Debunking the myth that they are complicated

Oct 28, 2022


Many stakeholders in the real estate sector are wary of green leases, and this is understandable as few are subject matter experts on environmental issues. The assumption is that green leases are complicated documents and far removed from the traditional leases that landlords and tenants are familiar with. However, a so-called ‘green lease’ isn’t radically different from a traditional lease. In fact, it has all the common characteristics of a regular lease but with some additional Environmental Performance clauses included. In a nutshell, a green lease is essentially a regular lease with some additional clauses that stipulate how the building is to be occupied, operated, and managed in the most efficient and sustainable manner.

In addition to protecting the landlord’s investment, the purpose of inserting EP clauses into leases is to collaboratively align landlords and tenants’ interests, ensuring that the buildings operate as efficiently and sustainably as possible for the mutual benefit of both parties.

As sustainability has increased in importance over the last decade in particular, all real estate stakeholders including developers, landlords, occupiers, investors, and their various advisors have a role to play in reducing carbon emissions in the built environment. As regulation becomes ever more stringent, this is going to become even more onerous, and we can expect to see the insertion of EP clauses into leases becoming the rule as opposed to the exception. Indeed, this is already the case in some countries such as France, where certain EP clauses are mandatory in large commercial leases.

From a landlord’s perspective, the principal aim is to ensure that the tenant’s occupation, use and fit-out does not impact negatively on the building’s sustainability score or performance rating. They will also want to ensure that any facilities put in place are not undermined by the occupier’s inability or unwillingness to utilise the technologies or systems provided and that the building is performing as efficiently and sustainably as possible. The core aim is to protect the investment value of the building. ActiveScore certification can help your business or building meet its Environmental, Social and Governance (ESG) targets. It assures both landlords and tenants that their building has reached a certain standard. For real estate agents and brokers, it communicates the benefits of an asset in a clear and repeatable way.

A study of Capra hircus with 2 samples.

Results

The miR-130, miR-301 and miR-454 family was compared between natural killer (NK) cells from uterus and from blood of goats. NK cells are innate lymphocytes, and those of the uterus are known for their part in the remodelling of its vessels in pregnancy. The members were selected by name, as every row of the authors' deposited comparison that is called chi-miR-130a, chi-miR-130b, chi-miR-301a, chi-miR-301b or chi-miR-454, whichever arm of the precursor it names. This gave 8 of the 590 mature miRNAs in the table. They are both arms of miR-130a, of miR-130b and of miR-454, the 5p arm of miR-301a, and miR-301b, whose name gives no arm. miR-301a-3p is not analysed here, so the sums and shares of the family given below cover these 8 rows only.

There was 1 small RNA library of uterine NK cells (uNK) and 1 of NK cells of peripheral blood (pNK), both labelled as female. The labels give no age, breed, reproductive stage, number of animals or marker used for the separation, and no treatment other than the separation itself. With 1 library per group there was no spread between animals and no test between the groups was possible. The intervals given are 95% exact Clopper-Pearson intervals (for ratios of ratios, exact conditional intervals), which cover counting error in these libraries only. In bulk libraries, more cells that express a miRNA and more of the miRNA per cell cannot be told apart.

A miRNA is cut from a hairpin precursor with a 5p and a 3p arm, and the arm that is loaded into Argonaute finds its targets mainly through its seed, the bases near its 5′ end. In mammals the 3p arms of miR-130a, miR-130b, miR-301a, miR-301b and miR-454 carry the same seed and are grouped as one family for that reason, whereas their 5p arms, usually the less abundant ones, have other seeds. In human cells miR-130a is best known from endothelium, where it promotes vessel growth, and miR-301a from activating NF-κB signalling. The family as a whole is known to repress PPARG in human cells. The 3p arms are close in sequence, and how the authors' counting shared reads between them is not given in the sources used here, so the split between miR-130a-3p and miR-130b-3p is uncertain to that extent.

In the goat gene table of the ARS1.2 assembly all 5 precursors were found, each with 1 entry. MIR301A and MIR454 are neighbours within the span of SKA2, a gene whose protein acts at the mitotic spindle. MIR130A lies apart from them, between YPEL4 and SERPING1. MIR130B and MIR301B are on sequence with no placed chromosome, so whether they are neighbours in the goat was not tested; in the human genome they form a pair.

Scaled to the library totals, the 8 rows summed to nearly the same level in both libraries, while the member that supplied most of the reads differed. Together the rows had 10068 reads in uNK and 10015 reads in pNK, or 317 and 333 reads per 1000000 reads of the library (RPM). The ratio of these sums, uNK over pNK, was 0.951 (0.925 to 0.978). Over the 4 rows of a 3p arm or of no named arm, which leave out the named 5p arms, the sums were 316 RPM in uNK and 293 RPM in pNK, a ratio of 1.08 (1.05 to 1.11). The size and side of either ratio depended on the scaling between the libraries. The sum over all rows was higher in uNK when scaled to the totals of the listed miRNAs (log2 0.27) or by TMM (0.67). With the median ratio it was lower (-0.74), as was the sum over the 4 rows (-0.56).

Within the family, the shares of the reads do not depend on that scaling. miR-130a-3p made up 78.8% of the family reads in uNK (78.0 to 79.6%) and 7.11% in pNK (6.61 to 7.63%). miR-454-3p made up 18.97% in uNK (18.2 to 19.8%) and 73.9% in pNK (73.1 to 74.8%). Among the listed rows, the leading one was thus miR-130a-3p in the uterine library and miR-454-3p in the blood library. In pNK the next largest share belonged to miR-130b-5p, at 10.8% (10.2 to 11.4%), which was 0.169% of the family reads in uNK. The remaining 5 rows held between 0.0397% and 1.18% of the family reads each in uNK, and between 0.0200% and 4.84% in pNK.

From a tenant’s perspective, in addition to meeting their own ESG and sustainability objectives, accepting EP clauses can potentially lower utility and operating costs over the term of the lease. Another benefit is that the quality of the building and its sustainability features could help with employee attraction and retention. Occupying a building that is operating efficiently and sustainably can also help with the wellbeing and productivity of employees within the building.  To further improve the ESG standard of a building, European-standard Cycle-friendly employer accreditation can be attained by tenants. As a CFE member, you have access to a range of programmes and support initiatives to make your sustainable and active travel strategies a success.

To see what Active Score certification and Cycle-friendly employer certification would mean for you, check out and today.